Ether’s (ETH) price has rallied more than 200% in 2021, resulting in a massive $337-billion market capitalization. This impressive figure pushed the value of the Ethereum network ahead of the total market cap of major companies like Procter & Gamble’s ($326 billion) and PayPal’s ($308 billion).
The market cap figure is achieved by multiplying the last trade price by the total outstanding number of coins regardless of whether they’ve been moved. Therefore, it seldomly reflects the average price where most investors transacted.
For investors from traditional finance, “value” is assessed by comparing multiples and valuations. These are often calculated in the form of earnings, sales and market share, and attempting to apply these same value metrics to cryptocurrencies with multiple use cases creates uncertainty and discomfort.
Ether is a multi-faceted asset that is difficult to evaluate
There is not a bullet-proof metric available to assess how Ether’s value stacks against its potential. The cryptocurrency might simultaneously act as a digital store of value while also functioning as the token required to access the Ethereum network.
Therefore, one must consider the coins deposited on exchanges or the percentage effectively changing hands when comparing different asset classes. The existence of regulated derivatives markets allow institutional investors to bet against the asset’s price, and it is another factor that should be accounted for.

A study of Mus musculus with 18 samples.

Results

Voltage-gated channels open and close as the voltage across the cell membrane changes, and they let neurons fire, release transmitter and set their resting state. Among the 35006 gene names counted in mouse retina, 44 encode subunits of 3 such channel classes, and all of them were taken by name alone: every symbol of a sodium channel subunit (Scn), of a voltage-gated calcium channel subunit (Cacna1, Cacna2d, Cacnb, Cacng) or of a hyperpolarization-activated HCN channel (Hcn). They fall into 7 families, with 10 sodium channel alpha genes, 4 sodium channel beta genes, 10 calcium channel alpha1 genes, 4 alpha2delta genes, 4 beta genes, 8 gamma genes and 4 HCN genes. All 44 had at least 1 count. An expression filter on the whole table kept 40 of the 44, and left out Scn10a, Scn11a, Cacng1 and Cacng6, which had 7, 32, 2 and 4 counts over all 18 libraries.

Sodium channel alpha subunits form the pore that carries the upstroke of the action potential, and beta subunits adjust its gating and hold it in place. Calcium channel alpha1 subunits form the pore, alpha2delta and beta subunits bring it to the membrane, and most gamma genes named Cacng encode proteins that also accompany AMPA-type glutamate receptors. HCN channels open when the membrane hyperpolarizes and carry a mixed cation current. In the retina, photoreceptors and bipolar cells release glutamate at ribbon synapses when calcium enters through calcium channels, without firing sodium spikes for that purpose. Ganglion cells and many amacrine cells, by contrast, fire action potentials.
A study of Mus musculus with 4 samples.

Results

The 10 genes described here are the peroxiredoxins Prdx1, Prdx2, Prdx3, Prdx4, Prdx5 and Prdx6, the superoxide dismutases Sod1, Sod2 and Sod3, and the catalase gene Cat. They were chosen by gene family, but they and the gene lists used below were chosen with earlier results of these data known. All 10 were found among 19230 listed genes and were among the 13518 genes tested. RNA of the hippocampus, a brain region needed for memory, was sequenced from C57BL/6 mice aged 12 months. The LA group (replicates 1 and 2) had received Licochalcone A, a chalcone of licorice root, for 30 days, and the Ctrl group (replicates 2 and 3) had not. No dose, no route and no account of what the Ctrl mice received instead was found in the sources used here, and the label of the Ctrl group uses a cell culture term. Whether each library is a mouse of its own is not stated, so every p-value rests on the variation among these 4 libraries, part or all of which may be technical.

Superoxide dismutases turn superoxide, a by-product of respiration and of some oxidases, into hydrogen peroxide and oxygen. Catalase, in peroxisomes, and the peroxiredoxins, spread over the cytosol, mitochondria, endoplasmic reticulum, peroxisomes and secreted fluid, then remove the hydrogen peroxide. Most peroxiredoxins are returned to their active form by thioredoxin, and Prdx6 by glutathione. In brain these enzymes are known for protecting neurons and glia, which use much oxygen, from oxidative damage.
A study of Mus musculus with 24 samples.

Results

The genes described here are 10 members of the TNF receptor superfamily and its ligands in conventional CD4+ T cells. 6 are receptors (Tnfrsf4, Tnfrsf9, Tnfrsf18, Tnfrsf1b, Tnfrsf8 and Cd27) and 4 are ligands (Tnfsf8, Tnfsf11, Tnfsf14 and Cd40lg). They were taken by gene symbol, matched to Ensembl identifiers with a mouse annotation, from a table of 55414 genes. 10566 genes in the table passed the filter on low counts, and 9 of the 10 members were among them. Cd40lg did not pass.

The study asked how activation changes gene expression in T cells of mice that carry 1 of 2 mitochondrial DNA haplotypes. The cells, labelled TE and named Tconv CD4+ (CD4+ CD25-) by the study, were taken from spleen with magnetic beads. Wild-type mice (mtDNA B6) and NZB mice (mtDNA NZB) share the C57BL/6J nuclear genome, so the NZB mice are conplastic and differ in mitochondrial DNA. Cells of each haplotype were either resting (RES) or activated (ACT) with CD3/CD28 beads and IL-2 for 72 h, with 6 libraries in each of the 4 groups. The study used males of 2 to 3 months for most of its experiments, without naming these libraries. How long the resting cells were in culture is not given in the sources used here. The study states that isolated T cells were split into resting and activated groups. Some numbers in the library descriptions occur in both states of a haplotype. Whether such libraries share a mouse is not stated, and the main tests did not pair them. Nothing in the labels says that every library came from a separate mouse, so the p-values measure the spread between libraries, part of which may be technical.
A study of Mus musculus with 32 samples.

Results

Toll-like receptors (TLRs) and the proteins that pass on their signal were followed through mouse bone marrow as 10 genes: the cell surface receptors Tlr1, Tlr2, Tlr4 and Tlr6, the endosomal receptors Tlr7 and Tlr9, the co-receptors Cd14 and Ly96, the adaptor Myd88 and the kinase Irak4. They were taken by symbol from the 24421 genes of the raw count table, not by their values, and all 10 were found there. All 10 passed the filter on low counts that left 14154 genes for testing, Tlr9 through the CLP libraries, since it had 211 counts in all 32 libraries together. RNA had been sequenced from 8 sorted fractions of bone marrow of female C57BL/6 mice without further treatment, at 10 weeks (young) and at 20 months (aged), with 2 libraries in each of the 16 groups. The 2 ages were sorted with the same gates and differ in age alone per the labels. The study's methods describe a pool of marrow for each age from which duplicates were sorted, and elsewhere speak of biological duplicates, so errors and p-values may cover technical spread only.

While the merits of comparing the market cap of different asset classes side-by-side is debatable, the metric essentially works the same way for commodities, stocks and mutual funds.
According to data from Infinite Market Cap, Ether has recently surpassed the market cap of Nestle, Procter & Gamble, PayPal and Roche.
The American multinational consumer goods company P&G was founded in 1837 and holds a diversified brand portfolio, including personal health, consumer care and hygiene. With 100,000 employees worldwide, the conglomerate posted a $13-billion net income in 2020.
On the other hand, Ethereum has 2,320 average monthly developers, according to the “Electric Capital Developer Report.” Although it is not a secular company, its decentralized applications handle over 100,000 daily active addresses. Even more impressive is the $12 billion of daily transfers and transactions on the Ethereum network. These numbers alone are outstanding even for an S&P 500 company.
Stocks have their own risks, which can’t be ignored
Comparing a 183-year-old company that is heavily dependent on production and distribution to a technology-based protocol is unlikely to uncover many similarities. However, equity investors enjoy the fruits of dividends, and while some will argue that Ether could be staked for a return, there are more significant risks involved.
Investors staking in the Eth2 contract have the option of becoming a full validator or joining a pool, but their coins could be lost due to malicious activity or by failing to validate network transactions. Similar risks emerge when lending Ether via centralized services and decentralized protocols.
Meanwhile, listed companies can create new shares to benefit from excessive valuations or increase their cash position.
Tax changes, operational liabilities and regulatory changes are other risks that stockholders sometimes face. For example, Roche was recently challenged for $4.5 billion from the government for deceiving the Centers for Disease Control, according to a lawsuit unsealed in September 2019.
Decentralized protocols are virtually free of these perils, and perhaps this justifies their sky-high valuations.
Considering the risks described above, investors might conclude that holding Ether is less risky than buying stocks. At least it is possible to self-custody, making the asset less dependent on third parties and unauthorized transactions.
The views and opinions expressed here are solely those of the author and do not necessarily reflect the views of Cointelegraph. Every investment and trading move involves risk. You should conduct your own research when making a decision.